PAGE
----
Place:Eythorne, Kent, England

Alt namesEythornsource: alternate spelling
TypeVillage, Civil parish
Coordinates51.183°N 1.283°E
Located inKent, England
See alsoEastry Rural, Kent, Englandrural district of which it was a part 1894-1974
Dover (district), Kent, Englanddistrict municipality which has covered the area since 1974
source: Getty Thesaurus of Geographic Names
source: Family History Library Catalog

the text in this section is copied from an article in Wikipedia

Eythorne is a civil parish and small village of about 1,000 homes, located 7.3 miles NNW of Dover in Kent. There are currently about 2,500 residents. Although not classed as one of the former pit villages of Kent, it was however situated approximately one mile from Tilmanstone - which closed in 1986. Today many of its residents commute to work in Dover (Docks), or in Canterbury.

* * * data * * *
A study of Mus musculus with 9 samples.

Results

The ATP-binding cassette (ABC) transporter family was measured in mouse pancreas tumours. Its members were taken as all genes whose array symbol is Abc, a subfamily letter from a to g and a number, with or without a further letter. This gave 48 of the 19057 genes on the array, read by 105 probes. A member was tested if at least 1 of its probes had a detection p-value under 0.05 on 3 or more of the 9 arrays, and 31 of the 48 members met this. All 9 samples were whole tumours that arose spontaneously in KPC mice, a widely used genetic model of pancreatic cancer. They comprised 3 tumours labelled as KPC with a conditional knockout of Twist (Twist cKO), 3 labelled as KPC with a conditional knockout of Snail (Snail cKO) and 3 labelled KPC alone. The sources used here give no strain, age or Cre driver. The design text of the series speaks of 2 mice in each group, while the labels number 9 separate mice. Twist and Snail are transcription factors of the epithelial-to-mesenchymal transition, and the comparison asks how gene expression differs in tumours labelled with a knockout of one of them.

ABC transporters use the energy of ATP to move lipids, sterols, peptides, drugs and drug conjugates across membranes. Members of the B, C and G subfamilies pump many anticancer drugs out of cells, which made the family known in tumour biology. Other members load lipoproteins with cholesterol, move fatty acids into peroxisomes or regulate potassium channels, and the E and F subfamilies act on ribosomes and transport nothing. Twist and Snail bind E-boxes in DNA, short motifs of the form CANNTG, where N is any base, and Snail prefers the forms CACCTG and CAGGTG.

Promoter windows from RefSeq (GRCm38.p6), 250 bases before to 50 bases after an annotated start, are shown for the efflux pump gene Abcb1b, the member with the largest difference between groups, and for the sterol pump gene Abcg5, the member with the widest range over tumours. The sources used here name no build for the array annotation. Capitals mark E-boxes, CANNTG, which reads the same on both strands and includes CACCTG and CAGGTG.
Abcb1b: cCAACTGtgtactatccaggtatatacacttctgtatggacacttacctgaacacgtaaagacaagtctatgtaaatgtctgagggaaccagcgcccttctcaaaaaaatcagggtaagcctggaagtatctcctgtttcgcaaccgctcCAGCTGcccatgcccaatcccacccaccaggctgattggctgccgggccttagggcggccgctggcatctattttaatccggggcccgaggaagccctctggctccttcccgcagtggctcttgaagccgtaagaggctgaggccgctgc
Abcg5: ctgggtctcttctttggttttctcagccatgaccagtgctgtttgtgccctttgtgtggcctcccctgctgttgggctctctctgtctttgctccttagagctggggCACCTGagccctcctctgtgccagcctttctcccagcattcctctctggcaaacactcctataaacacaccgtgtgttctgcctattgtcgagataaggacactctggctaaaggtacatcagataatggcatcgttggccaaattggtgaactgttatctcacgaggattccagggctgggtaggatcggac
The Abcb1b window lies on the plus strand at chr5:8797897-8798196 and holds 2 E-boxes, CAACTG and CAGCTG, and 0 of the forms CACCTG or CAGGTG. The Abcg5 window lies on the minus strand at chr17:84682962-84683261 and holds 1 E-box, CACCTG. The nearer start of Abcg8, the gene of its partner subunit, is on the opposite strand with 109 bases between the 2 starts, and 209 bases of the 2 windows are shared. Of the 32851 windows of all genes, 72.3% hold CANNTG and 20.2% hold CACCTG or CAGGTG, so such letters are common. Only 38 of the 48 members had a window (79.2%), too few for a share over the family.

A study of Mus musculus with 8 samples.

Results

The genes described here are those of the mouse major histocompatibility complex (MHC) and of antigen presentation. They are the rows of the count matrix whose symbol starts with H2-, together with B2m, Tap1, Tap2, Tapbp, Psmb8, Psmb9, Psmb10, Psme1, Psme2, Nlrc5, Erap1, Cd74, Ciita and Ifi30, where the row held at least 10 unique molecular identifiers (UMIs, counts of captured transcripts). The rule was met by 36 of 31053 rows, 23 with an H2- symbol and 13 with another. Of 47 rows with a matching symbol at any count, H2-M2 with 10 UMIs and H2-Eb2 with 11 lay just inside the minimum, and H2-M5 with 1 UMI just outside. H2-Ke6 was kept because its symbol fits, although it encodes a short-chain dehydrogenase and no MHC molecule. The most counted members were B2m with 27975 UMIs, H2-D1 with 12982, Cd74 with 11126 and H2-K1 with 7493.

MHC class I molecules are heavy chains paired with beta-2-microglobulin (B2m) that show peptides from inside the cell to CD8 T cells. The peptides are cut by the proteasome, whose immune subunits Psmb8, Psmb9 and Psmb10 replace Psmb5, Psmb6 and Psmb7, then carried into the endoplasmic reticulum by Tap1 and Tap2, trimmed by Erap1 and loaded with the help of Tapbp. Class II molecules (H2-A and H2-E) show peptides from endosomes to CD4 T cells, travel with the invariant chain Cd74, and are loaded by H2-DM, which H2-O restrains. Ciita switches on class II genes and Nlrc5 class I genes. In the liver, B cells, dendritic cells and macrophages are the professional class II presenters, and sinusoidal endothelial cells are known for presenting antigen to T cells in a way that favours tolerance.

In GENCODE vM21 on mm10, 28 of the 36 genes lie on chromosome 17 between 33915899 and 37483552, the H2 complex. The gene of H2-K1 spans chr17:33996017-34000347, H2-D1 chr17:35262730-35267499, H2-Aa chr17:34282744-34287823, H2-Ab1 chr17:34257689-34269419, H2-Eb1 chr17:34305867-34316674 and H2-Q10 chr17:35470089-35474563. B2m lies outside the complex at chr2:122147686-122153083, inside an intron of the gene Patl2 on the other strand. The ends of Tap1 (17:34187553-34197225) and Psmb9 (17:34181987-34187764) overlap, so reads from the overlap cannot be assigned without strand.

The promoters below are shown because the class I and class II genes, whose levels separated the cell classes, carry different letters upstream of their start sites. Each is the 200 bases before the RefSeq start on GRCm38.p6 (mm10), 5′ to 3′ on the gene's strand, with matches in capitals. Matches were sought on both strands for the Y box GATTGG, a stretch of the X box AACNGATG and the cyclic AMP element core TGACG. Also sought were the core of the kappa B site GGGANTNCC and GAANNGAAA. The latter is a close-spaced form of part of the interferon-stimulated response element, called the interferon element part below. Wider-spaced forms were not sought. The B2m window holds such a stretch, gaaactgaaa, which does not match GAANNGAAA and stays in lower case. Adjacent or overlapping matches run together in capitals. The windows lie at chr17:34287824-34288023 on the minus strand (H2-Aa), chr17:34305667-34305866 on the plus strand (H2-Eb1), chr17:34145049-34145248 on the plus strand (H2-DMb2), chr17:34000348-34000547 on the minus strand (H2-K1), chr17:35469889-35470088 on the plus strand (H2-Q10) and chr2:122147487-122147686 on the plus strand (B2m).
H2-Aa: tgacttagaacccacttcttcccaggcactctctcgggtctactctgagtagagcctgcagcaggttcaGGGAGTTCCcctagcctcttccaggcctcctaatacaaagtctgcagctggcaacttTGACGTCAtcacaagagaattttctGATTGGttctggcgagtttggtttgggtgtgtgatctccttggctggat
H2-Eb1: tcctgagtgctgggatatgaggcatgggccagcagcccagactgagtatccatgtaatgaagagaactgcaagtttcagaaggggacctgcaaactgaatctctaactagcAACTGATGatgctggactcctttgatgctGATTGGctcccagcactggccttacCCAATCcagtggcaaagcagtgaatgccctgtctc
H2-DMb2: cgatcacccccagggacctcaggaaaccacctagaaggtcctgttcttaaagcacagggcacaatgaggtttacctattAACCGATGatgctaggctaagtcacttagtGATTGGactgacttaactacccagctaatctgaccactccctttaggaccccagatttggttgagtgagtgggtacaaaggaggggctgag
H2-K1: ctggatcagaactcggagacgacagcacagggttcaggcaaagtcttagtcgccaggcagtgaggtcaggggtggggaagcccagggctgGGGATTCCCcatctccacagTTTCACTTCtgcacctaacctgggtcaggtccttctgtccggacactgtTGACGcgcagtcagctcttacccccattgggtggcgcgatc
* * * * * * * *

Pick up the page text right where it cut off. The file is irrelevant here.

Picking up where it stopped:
There are regular buses to Dover and Canterbury which is about 13 miles away, there is also a train station 3 miles away at the nearby village of Shepherdswell where trains operate between Dover and London to both St Pancras and Victoria stations via Canterbury.

Eythorne Baptist Church is more than 450 years old and one of the first Baptist churches in the UK. Esther Copley, wife of William Copley, who was minister in Eythorne from about 1839 to 1843, was a prolific and successful writer of children's books and books on domestic economy. She died in the village in 1851.

The village is on the East Kent Railway, a heritage railway.

Eythorne once had three pubs, The Crown is still trading, however the White Horse and the Palm Tree are long closed, both now being residential properties.

Eythorne is in historically set in two halves, Lower Eythorne where the Church of England and Roman Catholic churches are situated, and Upper Eythorne which is where the village shop and the Crown public house are located, this is also where most of today's villagers live. Many reside in the small housing developments that sprang up in the late 1960s and early '70s.